Paid Contract: Swimming Pool Support vs. Service?

In Blog by Aaron Donohue


A few years ago, we published a blog piece on “Service vs. Support”, in it we outlined a scenario that played out for a client who was nearly left High and Dry by a service company simply due to the limitations of the service model. (read it here). This is a perfect example of the difference between the two models.

We close that blog asking the question, “can the two models coexist?” The simple answer is, Yes. All be it in a limited way.

The service model is all about scheduling technicians to be on site to service systems, and be paid to show up, paid by the hour, and make an up-charge on the equipment (however large or small it may be). A facility operator may pick up a thing or two by “hanging around” and watching the service technician, or they may even explain a little about what they are doing, but they don’t want to give away so much that they make themselves useless. The goal of this service call is for the technician to arrive (bill the flat rate cost), quickly ID the problem and either fix it right then and there, or, schedule a follow up once the required parts are available (and bill the time again).  Nowhere in this model is the operator or facilities person meant to be educated to the point of self-sufficiency, that would detract from future service calls.

This is not to say the model doesn’t work, it absolutely does. There are however certain limitations (like technicians being totally booked up for days) and costs that cannot be avoided (like service calls fees, and hourly rates).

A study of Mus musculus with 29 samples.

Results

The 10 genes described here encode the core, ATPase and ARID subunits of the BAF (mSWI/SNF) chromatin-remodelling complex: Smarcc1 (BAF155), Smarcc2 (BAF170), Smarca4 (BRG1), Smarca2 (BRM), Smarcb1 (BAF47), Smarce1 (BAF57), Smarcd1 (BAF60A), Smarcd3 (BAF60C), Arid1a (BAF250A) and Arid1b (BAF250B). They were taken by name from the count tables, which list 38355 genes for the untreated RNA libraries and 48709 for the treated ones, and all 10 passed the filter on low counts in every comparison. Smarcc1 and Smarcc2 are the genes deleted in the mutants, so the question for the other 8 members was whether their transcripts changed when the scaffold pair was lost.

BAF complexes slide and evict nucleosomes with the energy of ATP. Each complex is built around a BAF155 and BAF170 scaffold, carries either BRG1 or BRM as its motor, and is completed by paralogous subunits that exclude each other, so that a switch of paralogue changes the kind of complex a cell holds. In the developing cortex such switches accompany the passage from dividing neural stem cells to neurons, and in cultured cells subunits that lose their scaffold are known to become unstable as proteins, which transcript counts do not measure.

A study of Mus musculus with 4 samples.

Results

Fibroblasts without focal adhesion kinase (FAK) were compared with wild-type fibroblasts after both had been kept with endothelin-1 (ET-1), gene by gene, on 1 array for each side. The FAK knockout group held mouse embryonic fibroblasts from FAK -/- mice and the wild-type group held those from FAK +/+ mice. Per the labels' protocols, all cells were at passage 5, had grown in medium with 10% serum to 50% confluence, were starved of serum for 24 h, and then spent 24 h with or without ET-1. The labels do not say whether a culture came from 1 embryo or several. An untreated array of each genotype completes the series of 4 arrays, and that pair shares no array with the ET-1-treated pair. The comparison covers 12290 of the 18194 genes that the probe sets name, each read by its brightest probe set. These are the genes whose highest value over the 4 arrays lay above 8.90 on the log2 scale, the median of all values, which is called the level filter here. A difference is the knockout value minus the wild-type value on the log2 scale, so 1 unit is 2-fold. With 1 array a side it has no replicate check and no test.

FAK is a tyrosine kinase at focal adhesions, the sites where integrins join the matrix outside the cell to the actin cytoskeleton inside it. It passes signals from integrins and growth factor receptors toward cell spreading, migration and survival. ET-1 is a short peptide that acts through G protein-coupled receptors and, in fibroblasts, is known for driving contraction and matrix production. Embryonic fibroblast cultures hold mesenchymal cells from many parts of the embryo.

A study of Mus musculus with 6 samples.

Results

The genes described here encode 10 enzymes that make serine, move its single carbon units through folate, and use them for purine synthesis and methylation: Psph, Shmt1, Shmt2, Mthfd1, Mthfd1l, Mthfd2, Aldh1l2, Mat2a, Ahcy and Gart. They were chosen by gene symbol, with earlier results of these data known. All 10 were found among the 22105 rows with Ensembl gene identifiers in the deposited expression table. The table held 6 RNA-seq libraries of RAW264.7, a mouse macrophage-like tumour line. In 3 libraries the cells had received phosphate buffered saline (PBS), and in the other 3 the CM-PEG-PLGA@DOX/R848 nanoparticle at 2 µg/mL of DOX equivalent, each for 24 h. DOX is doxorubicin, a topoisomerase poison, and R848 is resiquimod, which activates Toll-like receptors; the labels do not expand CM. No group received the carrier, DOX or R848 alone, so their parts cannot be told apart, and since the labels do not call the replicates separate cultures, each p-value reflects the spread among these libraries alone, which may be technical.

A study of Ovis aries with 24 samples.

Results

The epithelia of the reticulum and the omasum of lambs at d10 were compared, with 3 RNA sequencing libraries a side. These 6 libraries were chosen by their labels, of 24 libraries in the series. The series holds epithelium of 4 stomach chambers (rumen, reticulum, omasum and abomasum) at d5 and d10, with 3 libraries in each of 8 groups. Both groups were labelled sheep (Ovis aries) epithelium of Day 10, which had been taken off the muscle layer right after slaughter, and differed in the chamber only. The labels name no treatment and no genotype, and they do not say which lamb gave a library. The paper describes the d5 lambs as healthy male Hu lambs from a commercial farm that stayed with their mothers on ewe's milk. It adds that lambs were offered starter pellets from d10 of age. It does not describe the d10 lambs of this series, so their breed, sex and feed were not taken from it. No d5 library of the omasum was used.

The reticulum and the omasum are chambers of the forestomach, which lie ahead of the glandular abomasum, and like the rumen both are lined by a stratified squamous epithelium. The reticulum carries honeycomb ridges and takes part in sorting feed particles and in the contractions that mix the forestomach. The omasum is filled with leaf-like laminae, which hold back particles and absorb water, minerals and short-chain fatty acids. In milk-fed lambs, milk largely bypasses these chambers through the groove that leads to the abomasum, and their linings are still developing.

This is a night and day contrast to the support model.

In a support model, the facilities person is trained to perform the basic maintenance, troubleshooting and repairs that their systems require. It is only when the problem requires certified contractors (electricians & plumbers) that an outside company would be called in. The focus of the support model is to train onsite staff to be as self-sufficient as possible so that small problems do not become large ones, and shutdowns can be avoided, or at very least minimized.

Facilities utilizing a support company vs. a service company still pay a monthly (or annual) fee. This fee generally assures that when they need support, they will have it, and everything short of electrical and plumbing can be supported and taught to them. Do your homework when looking at support companies, some offer additional pricing incentives, specialized training, or other fringe benefits that you may benefit from.

When comparing the two models, ask yourself;

Do you want your facility to be self-sufficient? Or, Would you rather “call a guy” to take care of it for you, and potentially wait a few days?

Those who prefer the former should opt for the support model but not rule out a service company when appropriate. Those who prefer the latter should probably stick with service companies.